September 19, 2008

Global Burden of Malaria Control Remains Enormous, Says WHO

Global burden of malaria control remains enormous, says WHO

GENEVA, Sept. 18 (Xinhua) -- The global burden of malaria control remains enormous as many countries still lack sufficient resources to tackle the disease, the World Health Organization (WHO) said Thursday.

Worldwide 247 million people were infected with malaria in 2006, and 881,000 died of the disease in the same year, the UN agency said in its World Malaria Report 2008.

In Africa only 125 million people were protected by mosquito nets in 2007, while 650 million are still at risk.

A lot of surveyed countries still lack sufficient resources to tackle the disease and access to treatment is still inadequate, said the report.

Most African countries are way off meeting the 80 percent coverage target for the four main treatments -- mosquito nets, drugs, indoor insecticide spray and treatment during pregnancy -- set by the WHO in 2005.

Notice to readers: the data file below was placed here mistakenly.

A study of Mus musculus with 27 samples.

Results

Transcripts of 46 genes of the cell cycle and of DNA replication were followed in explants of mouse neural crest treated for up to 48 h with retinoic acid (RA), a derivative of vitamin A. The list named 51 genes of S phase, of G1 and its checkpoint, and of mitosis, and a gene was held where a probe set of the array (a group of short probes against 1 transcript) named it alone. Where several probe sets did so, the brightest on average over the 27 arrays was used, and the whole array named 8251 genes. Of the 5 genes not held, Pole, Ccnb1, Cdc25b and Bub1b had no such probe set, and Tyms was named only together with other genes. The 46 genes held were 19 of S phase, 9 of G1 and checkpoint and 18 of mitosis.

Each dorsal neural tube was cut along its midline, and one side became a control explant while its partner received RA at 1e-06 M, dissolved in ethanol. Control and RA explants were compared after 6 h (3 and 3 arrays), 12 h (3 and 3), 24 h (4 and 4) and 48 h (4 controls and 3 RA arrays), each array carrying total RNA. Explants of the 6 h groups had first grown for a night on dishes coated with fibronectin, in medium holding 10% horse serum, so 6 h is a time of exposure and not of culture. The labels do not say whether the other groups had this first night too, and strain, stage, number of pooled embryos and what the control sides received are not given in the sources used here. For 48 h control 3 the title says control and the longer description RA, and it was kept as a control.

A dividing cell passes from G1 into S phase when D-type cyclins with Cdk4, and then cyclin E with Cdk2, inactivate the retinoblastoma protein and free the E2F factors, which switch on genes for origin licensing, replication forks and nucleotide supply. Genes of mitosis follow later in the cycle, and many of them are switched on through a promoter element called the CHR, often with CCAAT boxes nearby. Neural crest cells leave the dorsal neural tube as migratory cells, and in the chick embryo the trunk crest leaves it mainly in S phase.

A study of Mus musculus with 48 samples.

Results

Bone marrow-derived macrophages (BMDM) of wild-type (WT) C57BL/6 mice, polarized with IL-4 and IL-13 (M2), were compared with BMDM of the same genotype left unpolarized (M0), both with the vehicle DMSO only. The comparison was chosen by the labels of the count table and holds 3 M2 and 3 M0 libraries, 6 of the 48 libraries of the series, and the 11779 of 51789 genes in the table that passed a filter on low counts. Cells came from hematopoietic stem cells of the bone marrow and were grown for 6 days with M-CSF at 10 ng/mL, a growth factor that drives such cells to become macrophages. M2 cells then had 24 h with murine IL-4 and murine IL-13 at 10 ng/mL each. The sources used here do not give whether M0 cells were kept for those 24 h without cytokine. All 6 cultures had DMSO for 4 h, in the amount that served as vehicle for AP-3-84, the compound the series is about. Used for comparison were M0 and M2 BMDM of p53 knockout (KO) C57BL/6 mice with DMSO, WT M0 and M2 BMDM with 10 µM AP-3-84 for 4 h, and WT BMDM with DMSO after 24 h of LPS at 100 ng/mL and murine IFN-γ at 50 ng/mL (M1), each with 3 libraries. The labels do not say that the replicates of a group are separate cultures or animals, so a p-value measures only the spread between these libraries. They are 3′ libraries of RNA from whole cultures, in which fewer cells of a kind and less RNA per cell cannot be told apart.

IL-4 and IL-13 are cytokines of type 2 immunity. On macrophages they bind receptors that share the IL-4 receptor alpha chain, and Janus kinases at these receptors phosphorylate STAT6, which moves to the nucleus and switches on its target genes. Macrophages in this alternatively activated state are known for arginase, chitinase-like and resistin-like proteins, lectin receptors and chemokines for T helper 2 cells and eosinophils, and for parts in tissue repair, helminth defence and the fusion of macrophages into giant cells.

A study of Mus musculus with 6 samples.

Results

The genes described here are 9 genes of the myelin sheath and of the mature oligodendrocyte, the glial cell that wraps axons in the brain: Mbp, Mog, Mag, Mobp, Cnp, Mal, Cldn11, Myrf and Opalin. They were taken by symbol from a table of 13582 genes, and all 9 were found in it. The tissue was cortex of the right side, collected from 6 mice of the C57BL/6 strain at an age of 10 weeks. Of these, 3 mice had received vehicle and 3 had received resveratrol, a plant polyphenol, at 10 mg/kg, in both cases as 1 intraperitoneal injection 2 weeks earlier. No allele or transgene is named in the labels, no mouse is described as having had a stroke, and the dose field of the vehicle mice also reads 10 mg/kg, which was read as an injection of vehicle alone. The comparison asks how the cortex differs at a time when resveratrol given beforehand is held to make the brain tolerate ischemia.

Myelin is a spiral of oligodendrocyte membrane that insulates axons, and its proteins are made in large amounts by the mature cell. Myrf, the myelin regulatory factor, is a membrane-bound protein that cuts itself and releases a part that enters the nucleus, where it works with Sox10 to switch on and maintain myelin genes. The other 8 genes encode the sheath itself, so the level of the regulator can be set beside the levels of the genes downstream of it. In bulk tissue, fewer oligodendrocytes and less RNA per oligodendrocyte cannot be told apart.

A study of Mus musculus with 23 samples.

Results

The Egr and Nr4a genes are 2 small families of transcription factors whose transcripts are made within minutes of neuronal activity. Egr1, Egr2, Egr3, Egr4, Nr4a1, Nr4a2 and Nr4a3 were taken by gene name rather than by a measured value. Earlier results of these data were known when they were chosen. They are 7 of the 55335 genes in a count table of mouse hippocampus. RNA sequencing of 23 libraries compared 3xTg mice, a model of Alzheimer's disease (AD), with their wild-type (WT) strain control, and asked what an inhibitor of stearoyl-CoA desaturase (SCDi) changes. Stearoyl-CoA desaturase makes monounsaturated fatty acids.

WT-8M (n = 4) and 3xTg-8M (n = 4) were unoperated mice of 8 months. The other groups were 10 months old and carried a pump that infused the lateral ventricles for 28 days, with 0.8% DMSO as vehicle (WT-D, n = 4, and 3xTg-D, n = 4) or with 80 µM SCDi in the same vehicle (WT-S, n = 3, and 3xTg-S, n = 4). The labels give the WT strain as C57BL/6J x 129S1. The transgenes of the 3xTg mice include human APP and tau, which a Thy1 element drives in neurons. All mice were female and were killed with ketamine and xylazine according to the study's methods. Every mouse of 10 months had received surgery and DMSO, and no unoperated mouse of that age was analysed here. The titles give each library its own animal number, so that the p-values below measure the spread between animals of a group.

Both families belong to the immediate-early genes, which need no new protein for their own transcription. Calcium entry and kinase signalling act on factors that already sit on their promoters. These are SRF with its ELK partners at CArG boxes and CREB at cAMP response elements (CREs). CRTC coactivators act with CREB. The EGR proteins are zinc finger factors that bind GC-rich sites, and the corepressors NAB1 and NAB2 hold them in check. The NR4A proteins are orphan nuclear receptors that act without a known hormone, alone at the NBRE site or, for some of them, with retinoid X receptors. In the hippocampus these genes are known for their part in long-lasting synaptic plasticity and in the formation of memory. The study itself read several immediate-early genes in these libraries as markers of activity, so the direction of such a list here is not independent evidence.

"We know that malaria control interventions work and that we can make rapid progress toward ending malaria deaths," said Ray Chambers, the United Nations Secretary-General's special envoy for malaria.

"Now is the time to expand these results to all of Africa and the rest of the world," Chambers said in a statement.

Yet, the report noted some progress in malaria control, particularly in African countries.

Recent increases in malaria funding were beginning to translate to coverage of key malaria interventions, especially mosquito nets, by 2006, the report said.

The percentage of children protected by insecticide-treated nets increased almost eightfold, from 3 percent in 2001 to 23 percent in 18 African countries in 2006, it said.

Procurement of anti-malarial medicines also increased sharply between 2001 and 2006. Approximately 100 million people were protected worldwide by indoor spraying of insecticide, including 22 million in Africa.

Meanwhile, malaria deaths have declined in several countries, and a few nations in Africa have managed to cut malaria deaths in half by following recommended measures, said the report.